Posted July 4, 2014 by Lindsay Bosch in On the Ladder
Five businesspeople at boardroom table


There are days were I feel like meetings will be the death of me. One after the other, each sit down adds to the to-do list, and then cruelly cuts into the time I need to actually do the work. Though useful to push projects forward and touch base with my colleagues, long meetings can suck needed hours out of the workday.

One day a few months ago I came home complaining to my husband about a staff meeting that ballooned to four hours. It was an important session, we all had a lot to say, and to report in on, but the time just got away from us.

“What was the objective,” he asked.

“Well, just to…you know…to meet. To report to one another.”

“Well, How did you get off agenda?”

“There wasn’t an agenda per say. We all took turns reporting out.”

“No agenda. No meeting,” my (unsympathetic) husband offered.

I took it to heart. For the last few months this has been my golden rule: No agenda, No meeting.

Every single meeting I call, no matter how small, I draft a short agenda of the proposed conversation and topics to be covered. When I am invited to a meeting, either in my office or with other departments (or even with outside clients) I write and ask for an agenda in preparation. (My hope is if they haven’t written one, my note will prompt them to do so.) I’ve gone so far as to draft agendas for other people’s meetings. (I don’t call it an agenda, but I send a message along the lines of: Hey Jane, Just double-checking that these six points are what we are hoping to focus on in our sit down Tuesday….)

Maybe this “Golden Rule” is obvious. It seems a given that meetings should have an agenda – but we know from experience this just doesn’t always happen. With so many meetings on the books, the agenda tends to go out the window fast. So many of the meetings we have seem rote: weekly check-ins with supervisors, informal chats with our staff, and regular sit-downs to “touch-base” on monthly projects. I’ve often fallen into the trap of – “We’ll keep it casual” or “We’ll figure out the plan in the meeting.”

 Resist the urge to wing it!

In my few months of adhering to the rule, I’ve found my meeting to be shorter, more focused, and ending with clearer outcomes for all participants. There are great benefits in sticking to the “No Agenda, No Meeting” Rule.

  • An Agenda Keeps You On Track – You’ll avoid talking about the weather, or about tangential work not related to the task at hand. A brief agenda allows you to make sure you are covering the crucial things and gives you license to leave the rest at the door.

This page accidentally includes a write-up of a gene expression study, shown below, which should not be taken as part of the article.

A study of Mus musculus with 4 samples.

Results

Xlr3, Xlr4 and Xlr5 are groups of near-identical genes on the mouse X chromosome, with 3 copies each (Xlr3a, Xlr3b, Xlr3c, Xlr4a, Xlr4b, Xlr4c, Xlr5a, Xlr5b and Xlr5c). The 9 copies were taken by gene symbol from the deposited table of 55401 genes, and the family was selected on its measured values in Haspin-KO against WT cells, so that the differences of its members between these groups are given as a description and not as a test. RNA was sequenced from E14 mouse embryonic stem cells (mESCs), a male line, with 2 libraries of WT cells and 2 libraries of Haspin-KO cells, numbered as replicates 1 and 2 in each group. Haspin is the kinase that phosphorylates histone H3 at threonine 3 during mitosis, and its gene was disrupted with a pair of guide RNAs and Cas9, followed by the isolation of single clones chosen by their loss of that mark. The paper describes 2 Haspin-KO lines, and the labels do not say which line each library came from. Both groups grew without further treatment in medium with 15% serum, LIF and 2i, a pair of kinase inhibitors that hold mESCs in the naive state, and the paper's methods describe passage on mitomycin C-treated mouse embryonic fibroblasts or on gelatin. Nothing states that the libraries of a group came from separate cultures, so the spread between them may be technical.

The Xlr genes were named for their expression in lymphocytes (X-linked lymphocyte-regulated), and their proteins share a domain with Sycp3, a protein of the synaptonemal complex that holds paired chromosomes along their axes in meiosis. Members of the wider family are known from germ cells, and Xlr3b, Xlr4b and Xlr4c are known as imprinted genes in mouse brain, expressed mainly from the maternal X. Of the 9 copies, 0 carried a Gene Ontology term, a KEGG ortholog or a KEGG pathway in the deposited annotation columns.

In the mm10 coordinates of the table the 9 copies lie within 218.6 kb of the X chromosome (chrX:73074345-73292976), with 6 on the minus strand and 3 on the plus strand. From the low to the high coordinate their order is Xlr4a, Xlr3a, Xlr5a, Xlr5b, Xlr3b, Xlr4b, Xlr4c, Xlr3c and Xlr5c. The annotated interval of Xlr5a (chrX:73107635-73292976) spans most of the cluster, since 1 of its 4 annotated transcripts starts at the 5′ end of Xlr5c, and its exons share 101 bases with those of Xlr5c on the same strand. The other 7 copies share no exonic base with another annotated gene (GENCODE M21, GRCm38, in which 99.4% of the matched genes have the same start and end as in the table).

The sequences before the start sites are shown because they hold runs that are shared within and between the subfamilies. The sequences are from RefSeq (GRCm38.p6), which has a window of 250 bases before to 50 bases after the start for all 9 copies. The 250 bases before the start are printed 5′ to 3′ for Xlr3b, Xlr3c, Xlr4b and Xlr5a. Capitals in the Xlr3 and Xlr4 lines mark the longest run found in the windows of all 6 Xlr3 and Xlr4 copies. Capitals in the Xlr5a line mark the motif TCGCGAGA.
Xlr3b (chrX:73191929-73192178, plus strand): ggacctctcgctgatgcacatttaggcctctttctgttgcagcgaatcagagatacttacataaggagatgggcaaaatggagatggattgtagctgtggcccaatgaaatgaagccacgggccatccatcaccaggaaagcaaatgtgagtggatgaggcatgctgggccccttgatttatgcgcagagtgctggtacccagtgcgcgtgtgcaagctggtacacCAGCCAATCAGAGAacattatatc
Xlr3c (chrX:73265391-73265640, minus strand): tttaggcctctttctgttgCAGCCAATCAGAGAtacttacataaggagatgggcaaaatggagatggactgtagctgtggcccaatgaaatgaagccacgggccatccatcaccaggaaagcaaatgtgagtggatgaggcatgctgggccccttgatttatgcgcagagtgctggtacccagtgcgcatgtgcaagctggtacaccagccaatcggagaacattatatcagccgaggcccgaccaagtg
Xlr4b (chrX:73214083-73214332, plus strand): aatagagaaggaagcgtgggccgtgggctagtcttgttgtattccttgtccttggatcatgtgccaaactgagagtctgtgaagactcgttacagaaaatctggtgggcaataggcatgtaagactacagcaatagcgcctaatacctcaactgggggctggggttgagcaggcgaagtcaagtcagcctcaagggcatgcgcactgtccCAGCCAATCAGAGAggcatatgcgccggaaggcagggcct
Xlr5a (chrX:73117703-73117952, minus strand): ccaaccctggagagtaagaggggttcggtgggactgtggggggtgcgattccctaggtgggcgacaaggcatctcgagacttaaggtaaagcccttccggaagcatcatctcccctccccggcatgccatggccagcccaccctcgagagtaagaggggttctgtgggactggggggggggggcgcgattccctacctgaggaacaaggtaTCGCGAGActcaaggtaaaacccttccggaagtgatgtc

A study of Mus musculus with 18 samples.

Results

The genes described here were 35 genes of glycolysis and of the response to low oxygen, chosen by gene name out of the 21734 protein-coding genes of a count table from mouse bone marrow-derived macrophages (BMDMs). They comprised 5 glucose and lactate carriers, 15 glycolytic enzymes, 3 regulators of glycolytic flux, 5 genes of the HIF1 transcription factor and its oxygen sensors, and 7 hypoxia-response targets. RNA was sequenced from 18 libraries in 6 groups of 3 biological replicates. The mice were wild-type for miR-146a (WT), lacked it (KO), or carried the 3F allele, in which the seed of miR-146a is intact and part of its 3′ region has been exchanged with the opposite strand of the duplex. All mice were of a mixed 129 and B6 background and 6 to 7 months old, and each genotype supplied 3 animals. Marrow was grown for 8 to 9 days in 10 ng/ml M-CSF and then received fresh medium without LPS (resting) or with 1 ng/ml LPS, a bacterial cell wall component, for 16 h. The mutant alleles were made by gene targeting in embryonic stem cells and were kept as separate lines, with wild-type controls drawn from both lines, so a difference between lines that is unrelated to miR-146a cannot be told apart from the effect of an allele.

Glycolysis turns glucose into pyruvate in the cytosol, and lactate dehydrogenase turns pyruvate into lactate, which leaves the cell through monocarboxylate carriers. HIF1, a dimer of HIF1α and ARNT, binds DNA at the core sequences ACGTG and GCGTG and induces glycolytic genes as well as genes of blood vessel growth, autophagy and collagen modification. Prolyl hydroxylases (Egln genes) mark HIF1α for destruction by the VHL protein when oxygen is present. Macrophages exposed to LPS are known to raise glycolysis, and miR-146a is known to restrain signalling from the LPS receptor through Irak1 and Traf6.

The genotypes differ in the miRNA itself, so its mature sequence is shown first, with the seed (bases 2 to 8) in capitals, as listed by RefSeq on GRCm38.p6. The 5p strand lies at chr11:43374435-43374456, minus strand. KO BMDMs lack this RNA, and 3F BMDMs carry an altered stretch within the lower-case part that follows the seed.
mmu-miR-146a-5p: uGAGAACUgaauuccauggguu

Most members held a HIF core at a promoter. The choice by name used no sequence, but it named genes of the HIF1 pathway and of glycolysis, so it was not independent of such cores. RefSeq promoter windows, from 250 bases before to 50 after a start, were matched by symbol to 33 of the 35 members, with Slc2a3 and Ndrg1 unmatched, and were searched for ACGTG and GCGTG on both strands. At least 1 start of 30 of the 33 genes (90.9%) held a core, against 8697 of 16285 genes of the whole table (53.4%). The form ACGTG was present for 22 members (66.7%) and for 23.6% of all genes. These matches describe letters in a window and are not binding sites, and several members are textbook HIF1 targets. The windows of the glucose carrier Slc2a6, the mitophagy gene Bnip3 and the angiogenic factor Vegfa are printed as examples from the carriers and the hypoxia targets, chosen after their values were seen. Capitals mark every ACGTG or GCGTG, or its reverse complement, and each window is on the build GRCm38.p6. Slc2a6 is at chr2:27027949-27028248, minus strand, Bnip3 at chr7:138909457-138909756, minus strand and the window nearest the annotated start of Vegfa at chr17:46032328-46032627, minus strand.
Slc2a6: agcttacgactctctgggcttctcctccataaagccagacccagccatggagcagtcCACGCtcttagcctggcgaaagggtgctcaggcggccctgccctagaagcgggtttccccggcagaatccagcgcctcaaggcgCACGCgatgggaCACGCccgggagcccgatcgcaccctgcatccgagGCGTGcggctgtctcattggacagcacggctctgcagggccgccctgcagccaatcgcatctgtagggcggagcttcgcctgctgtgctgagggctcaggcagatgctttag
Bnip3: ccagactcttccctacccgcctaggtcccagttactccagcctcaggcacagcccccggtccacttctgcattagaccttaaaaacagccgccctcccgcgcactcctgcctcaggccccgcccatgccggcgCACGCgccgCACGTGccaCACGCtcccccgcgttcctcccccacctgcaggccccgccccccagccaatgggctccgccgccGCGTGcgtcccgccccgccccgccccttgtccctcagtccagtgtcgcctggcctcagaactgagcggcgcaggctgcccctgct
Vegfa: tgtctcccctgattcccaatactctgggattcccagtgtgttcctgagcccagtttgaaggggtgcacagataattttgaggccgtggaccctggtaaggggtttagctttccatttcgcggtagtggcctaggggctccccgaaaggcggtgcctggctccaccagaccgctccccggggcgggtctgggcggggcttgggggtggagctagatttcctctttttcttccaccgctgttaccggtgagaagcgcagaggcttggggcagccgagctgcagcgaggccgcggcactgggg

• An Agenda Reminds People Your Time is Valuable – Sending an agenda lets people know you don’t have all day; that your time is valuable. Perhaps more importantly, it lets others know that you value their time as well.
  • An Agenda is a Reference Document – What did you cover in May’s meeting?? Perhaps you had a bored note taker, or wrote yourself some illegible sticky notes…but calling up your archive of old agendas will let you quickly review what was previous covered
  • An Agenda is a Holding List for Ideas – My thoughts wander, and I’ve been known to shoot my helpless colleagues email after email, as thoughts come to me on a project. Remember your ideas, and give them a place (besides your colleagues inboxes), by adding them to an upcoming agenda.
  • An Agenda Helps You (and Others) Prep – No surprises! An agenda helps you prepare for meetings and helps others know what to have ready. Everyone is more productive when everyone is on the same page.


About the Author

Lindsay Bosch

Lindsay Bosch is an arts and nonprofit manager who has worked in cultural institutions for over decade including the American Library Association, the Art Institute of Chicago and the Chicago Film Festival. Lindsay is interested in the self-driven (and often self taught) trajectory of women’s careers in nonprofits and writes about issues related to leadership, branding and work culture. Lindsay holds a Bachelors degree in Film and Media from Northwestern Univ. and a Masters in Art History, Theory and Criticism from the School of the Art Institute of Chicago. She is the coauthor of the art history textbook Icons of Beauty: Art, Culture and the Image of Women.